Hospitals Offset Drug Costs for People with High-Deductible Health Plans

Project Access Now has expanded the scope of its Pharmacy Bridge program beyond uninsured people. Oregon hospitals contributed $400,000 to fund the program for the fiscal year ending next week.

Before Obamacare, many non-profit organizations were focused primarily on assisting the large number of uninsured people with healthcare needs, including prescription drugs.

 

The uninsured population has plummeted, but the need for charitable assistance has not gone away, as a growing number of people are insured against calamities but have such high deductibles they struggle with day-to-day healthcare costs like medications.

 

Portland nonprofit Project Access Now, working with charitable funding from the metro area’s nonprofit hospital systems, including Providence and Legacy, has expanded its program offering free or heavily discounted generic drugs to working-class people with high-deductible health plans.

 

“Pharmacy Bridge assures that people get access to the medications they need in an accessible, timely and respectful manner,” said Linda Nilsen, the executive director of Project Access Now. “This is life-saving in many cases and provides huge peace of mind to patients, which is also critical to health improvement.”

 

Providence Health Plan helps administer the program, which is limited to pharmacies that accept Providence insurance. Program participants pay either $4 per prescription or get their medications at no cost. The program does cover some brand-name drugs on a case-by-case basis, but not opiates or expensive biologic medications.

 

“Pharmaceutical access is key to assuring improved health outcomes -- the remaining uninsured and underinsured still face significant barriers to getting the medications they need,” Nilsen said. “Four in 10 Americans report the need to make financial sacrifices to get needed medications, and many low-income people go without or use less medication than prescribed because they can't afford medications.”

 

The program helped 15,400 people last year, and has assisted 90,000 patients since it was first implemented for uninsured people in 2008. Nilsen said the hospitals have contributed $400,000 in the past fiscal year to cover the cost of the drugs.

 

To qualify, a household must either be uninsured or insured through the healthcare exchange, with a household income below 300 percent of poverty. Project Access Now also helps with the cost of medications for people as they’re discharged from the hospital, regardless of insurance type.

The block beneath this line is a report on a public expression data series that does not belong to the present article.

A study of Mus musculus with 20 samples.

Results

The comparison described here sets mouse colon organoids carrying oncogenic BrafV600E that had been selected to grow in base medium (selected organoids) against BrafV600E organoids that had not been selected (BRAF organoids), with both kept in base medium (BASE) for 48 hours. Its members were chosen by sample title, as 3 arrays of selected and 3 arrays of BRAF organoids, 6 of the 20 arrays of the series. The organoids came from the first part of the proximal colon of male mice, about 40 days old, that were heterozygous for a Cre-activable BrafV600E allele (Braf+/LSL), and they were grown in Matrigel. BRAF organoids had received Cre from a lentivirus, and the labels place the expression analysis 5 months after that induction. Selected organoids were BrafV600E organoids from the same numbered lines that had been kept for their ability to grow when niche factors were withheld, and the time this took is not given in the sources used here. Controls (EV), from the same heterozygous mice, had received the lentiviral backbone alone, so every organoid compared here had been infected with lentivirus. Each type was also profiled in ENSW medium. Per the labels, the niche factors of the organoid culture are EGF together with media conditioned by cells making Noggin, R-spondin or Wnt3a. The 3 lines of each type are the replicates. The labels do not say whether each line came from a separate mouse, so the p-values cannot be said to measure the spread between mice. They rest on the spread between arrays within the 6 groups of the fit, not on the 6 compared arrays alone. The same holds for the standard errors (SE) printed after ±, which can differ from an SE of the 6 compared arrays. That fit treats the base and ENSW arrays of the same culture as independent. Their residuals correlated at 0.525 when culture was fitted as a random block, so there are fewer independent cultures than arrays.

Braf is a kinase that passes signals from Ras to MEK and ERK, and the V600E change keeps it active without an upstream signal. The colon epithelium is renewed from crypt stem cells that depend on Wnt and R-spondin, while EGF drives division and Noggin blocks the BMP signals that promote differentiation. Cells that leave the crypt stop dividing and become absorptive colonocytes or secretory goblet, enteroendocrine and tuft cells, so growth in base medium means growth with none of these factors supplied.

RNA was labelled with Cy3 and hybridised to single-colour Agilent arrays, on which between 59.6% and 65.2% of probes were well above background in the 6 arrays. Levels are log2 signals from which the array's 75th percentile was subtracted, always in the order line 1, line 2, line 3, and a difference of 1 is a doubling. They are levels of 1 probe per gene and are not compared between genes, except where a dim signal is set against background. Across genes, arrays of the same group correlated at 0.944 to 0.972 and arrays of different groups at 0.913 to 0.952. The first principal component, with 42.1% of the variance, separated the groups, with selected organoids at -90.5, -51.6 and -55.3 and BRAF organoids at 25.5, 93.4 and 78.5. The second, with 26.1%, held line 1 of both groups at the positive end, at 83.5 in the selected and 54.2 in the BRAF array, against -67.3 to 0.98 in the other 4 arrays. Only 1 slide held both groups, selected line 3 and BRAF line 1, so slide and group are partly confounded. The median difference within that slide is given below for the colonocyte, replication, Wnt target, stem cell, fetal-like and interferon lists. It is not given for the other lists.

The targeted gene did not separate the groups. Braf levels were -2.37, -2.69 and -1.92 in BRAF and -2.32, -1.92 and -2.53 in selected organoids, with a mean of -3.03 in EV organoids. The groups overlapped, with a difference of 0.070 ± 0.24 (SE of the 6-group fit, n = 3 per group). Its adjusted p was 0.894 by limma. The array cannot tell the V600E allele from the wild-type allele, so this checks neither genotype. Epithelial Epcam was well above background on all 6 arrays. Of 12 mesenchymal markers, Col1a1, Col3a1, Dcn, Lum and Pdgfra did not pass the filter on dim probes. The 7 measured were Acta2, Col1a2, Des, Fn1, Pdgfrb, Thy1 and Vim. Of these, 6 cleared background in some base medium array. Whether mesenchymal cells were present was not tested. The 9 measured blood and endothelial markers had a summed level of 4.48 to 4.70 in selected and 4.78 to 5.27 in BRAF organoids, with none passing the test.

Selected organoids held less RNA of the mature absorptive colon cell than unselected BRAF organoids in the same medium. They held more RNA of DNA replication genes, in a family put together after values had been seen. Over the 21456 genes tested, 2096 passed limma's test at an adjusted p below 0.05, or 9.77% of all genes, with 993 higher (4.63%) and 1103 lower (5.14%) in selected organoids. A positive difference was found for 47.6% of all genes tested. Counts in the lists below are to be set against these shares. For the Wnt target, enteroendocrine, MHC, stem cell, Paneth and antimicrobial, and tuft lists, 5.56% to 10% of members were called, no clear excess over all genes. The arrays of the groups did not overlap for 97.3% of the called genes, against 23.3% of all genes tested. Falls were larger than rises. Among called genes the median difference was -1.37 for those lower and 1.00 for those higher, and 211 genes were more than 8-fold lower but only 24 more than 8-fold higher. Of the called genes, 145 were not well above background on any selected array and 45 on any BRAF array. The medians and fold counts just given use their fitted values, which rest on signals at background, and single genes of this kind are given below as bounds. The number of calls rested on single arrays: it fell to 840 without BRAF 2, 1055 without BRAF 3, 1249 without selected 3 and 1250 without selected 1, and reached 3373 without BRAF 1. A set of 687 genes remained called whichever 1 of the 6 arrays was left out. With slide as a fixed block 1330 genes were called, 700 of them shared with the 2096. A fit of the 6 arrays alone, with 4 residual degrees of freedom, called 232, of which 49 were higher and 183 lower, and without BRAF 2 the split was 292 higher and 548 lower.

Nilsen said the larger program could be extended to help people with high-deductible employer-sponsored plans, but it doesn’t currently. She also wishes to expand the program to senior citizens, but the Pharmacy Bridge is not currently available to people with Medicare.

 

Because of the steep penalty for delaying sign-up of the Medicare Part D program, some seniors do not have access to insurance for prescription drugs. Unlike Obamacare plans, Medicare D also has an annual cap on how much it will pay for prescription drugs.

 

About 36,000 Oregonians come up against this cap each year, prompting Sen. Ron Wyden and Sen. Jeff Merkley, both Democrats, to propose legislation lifting the cap -- a proposal that has stalled in the Republican-controlled Congress.

 

Rep. Rob Nosse, D-Portland, said he was not surprised that the hospitals were using their charity care dollars to help with the rise of prescription drugs. Speciality drug costs have risen 44 percent in the past two years, according to Project Access Now.

 

“Charity care is creeping back up and it’s going to those people with high-deductible plans,” said Nosse, a labor negotiator who sits on the House Health Committee. Nosse headed a prescription drug task force that looked at enacting price controls for high-cost medications in the 2017 session.

 

That effort failed, but in this year’s short session, a bipartisan group of legislators passed a law coaxing drug manufacturers to be more transparent with drug price increases, requiring them to explain rising costs to the state. The drug manufacturers’ first report to the state is due next summer.

 

Nosse said the rise of high-deductible plans is growing problem for all but the healthiest people, but he said policymakers hadn’t yet found a lasting solution to the problem. A legislative universal healthcare task force is exploring the issue among others and may have a set of proposals ready for the 2019 session.

 

Reach Chris Gray at chris@thelundreport.org.